Ask Mint | What determines the exchange rate of one currency against another?

Shailaja and Manoj K. Singh
Shailaja and Manoj K. Singh
Updated: Sun, Oct 21 2007. 11 04 PM IST
Shailaja and Manoj K. Singh
Comparing the strength of two different currencies in terms of their exchange rates can be more difficult than comparing the strength of two sumo wrestlers. What determines the exchange rate of one currency against the other? Is it their looks? Or the size of their paper? Today, our friend Johnny tries to understand from Jinny how the exchange rates of two different currencies work.
Johnny: Hi Jinny! Last week you didn’t tell me how the exchange rates work. I hope today you will clarify.
Jinny: Of course! Let’s try to understand how exchange rates work. The exchange rate of a currency tells you how much of one currency you can get for another currency.
There are?mainly three kinds of exchange rate regimes that determine how a country manages the exchange rate of its domestic currency against another currency. The first is the pegged or fixed exchange rate regime in which the exchange takes place at a fixed rate. The second is the floating exchange rate regime in which the exchange rate is determined purely by the market forces of demand and supply. And, the third is the pegged float rate or “managed float” regime, which is a mix of fixed and floating rate systems. Under the managed float system, the central bank first decides the target range or band of the exchange rate and then tries to prevent the currency from deviating too much from the target range by managing the demand and supply.
Johnny: Three types of exchange rate regimes! Tell me first how the fixed exchange rate system works.
Jinny: In a fixed exchange rate system, the central bank or the government determines the value at which the exchange of domestic currency against another currency will take place. This could be done by several methods. One method that became popular as the “gold standard” uses gold to back up the value of the currency. This method was used by many countries for fixing the exchange rate of their currency before World War I. In this system, the central bank keeps gold reserves for backing up its domestic currency. This means that any holder of the currency can exchange the paper currency for a prefixed amount of gold kept with the central bank. So, if we assume for the sake of simplicity that one Indian rupee is worth 1gm of gold and one US dollar is worth 40gm of gold, then you can maintain a fixed exchange rate of 40 Indian rupees for one US dollar under the gold standard.
But the gold standard can work only if you continuously maintain the value of your domestic currency in terms of gold by keeping gold reserves. If you fail to do so, your exchange rate will collapse. For this reason, the Bretton Woods system after World War II tried to use a modified version of the gold standard.
Johnny: Bretton Woods system? What’s that?
Jinny: I will try and explain it in brief. Under this system, all participating countries kept US dollars as reserves instead of gold. This system required the US to back up its dollars with reserves of gold. The dollar was linked with gold at the rate of 35 dollars per ounce of gold. This meant that you could exchange your reserves of 35 dollars with one ounce of gold any time from the American central bank. So keeping reserves of US dollars was as good as keeping reserves of gold. You fixed the exchange rate in terms of US dollars on the basis of how much dollar reserves you were maintaining. But this system failed in the 1970s when the US was unable to sustain the value of its currency with gold reserves. After all this, many countries prefer simply using the currency reserves method for maintaining fixed exchange rates.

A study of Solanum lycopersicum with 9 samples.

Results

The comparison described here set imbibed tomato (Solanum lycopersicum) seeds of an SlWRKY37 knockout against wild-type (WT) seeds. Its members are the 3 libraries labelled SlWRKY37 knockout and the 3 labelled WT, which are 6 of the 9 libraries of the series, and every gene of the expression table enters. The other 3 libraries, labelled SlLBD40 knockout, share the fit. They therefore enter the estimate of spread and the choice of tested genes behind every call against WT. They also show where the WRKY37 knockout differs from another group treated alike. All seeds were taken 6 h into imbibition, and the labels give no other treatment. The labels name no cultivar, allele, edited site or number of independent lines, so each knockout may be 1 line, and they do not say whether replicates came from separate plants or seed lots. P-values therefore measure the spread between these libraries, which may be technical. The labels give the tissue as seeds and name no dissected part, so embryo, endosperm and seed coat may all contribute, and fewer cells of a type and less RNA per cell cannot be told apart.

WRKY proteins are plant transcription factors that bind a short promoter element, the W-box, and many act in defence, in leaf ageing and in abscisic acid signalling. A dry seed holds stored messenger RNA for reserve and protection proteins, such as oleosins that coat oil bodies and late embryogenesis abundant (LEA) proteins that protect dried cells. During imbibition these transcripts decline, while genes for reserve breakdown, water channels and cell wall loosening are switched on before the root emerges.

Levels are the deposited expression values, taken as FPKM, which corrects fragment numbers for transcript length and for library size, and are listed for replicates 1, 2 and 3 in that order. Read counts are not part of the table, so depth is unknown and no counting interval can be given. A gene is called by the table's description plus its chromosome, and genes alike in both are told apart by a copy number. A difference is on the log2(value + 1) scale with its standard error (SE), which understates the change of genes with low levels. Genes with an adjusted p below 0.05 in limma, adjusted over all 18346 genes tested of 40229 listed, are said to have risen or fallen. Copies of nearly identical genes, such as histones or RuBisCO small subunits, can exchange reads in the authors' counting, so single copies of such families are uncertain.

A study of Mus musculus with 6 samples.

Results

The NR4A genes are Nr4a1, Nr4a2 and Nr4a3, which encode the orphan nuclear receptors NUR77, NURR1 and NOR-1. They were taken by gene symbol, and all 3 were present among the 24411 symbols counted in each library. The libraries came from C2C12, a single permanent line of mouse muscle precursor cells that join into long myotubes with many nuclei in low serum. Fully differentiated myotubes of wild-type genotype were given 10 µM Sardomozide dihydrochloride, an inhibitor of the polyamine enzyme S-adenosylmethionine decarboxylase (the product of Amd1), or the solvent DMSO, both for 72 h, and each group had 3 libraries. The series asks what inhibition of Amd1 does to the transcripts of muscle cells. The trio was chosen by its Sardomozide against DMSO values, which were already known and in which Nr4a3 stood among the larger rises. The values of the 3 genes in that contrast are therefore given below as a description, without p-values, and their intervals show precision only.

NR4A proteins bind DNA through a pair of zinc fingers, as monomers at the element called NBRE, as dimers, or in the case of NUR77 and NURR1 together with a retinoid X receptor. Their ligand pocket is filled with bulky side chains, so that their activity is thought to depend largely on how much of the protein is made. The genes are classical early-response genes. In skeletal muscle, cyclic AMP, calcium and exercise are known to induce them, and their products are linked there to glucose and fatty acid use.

Johnny: And how does that work?
Jinny: In the currency reserve system, instead of keeping gold reserves or dollar reserves, you simply keep the reserves of any foreign currency against which you want to fix your exchange rate. Say, for instance, that you want to maintain an exchange rate of 40 Indian rupees for one US dollar. Then you need to keep a reserve of one US dollar for every 40 Indian rupees so that your reserve is sufficient to convert all your domestic currency into foreign currency at the fixed rate. In other words, if we suppose that your total domestic currency is worth Rs4 trillion, that is, Rs4,000 billion, then you need to maintain a reserve of $100 billion. Your central bank must have sufficient reserves to manage the demand and supply of the two currencies.
Johnny: I was just wondering, why go to so much trouble? Can’t we simply fix the exchange rate by a diktat?
Jinny: That’s an interesting question. But I want you to apply your own mind. If you are unable to find the answer, you can always ask me...
What: Exchange rate determines how much of one currency can be exchanged for another currency.
How: Exchange rate could be determined by one of the three kinds of systems—fixed, floating and managed floating exchange rate systems.
Who: In case of floating exchange rate, demand and supply decide the exchange rate; in case of fixed or managed float, the government or the central bank decides the rate.
Shailaja and Manoj K. Singh have important day jobs with an important bank. But Jinny and Johnny have plenty of time for your suggestions and ideas for their weekly chat. You can write to them at realsimple@livemint.com.